Reactions to the £2bn in tech research promised by the PM and to cyber security and innovation, the CBI has grasped digital strategy.
Te annual Confederation of British Industry (CBI) Conference focuses on the biggest opportunities and challenges facing UK businesses, so it is no surprise that technology, disruption and innovation are at the centre of the 2016 event.
From Prime Minister Theresa May to Facebook’s EMEA VP, the speakers addressed all aspects of how rapid advances in the technology world will impact on the future of business. CBR looks at some of the big tech talking points from the event.
1. Investing in innovation
The headliner was the PM Theresa May, who announced increases in government research and development (R&D) spending of £2 billion per year by 2020.
May also announced an Industrial Strategy Challenge Fund to back priority technologies such as robotics and biotechnology.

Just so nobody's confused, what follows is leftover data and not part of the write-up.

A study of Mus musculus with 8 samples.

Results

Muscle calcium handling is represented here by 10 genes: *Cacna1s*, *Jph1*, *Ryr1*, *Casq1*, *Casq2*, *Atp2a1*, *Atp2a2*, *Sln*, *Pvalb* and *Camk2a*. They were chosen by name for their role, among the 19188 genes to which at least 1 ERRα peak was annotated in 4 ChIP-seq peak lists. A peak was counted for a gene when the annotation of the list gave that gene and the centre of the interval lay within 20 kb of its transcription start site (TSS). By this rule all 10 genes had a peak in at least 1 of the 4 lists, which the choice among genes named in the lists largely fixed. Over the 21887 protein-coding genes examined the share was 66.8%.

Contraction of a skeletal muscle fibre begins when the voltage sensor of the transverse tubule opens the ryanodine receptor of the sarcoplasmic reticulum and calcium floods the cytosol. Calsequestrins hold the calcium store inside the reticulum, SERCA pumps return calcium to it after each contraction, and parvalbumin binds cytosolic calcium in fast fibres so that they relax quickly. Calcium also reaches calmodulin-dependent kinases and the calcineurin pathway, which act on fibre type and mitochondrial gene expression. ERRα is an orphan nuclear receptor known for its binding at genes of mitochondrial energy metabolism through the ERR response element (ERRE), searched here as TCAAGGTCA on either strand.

In addition, May announced a review of tax incentives in R&D to boost UK competitiveness.
Paul Drechsler, CBI President, had called on the government in his welcome address to commit to spending 3 percent of GDP on research and development by 2025.
However, Carolyn Fairbarn, CBI director-general, welcomed May’s “pro-enterprise” speech.
The opposition party Labour went on the offensive, with Shadow Business Secretary Clive Lewis saying that the proposed investment was “woefully inadequate and risks being too little too late”.
Lewis said that “six wasted years of Tory Government” had led to a long-term productivity problem, adding that the new commitment left the country below the 3 percent GDP target suggested by the OECD and below the average in other countries.
However, the speeches show signs of an emerging cross-party consensus that the Government should be taking an active role in backing UK innovation.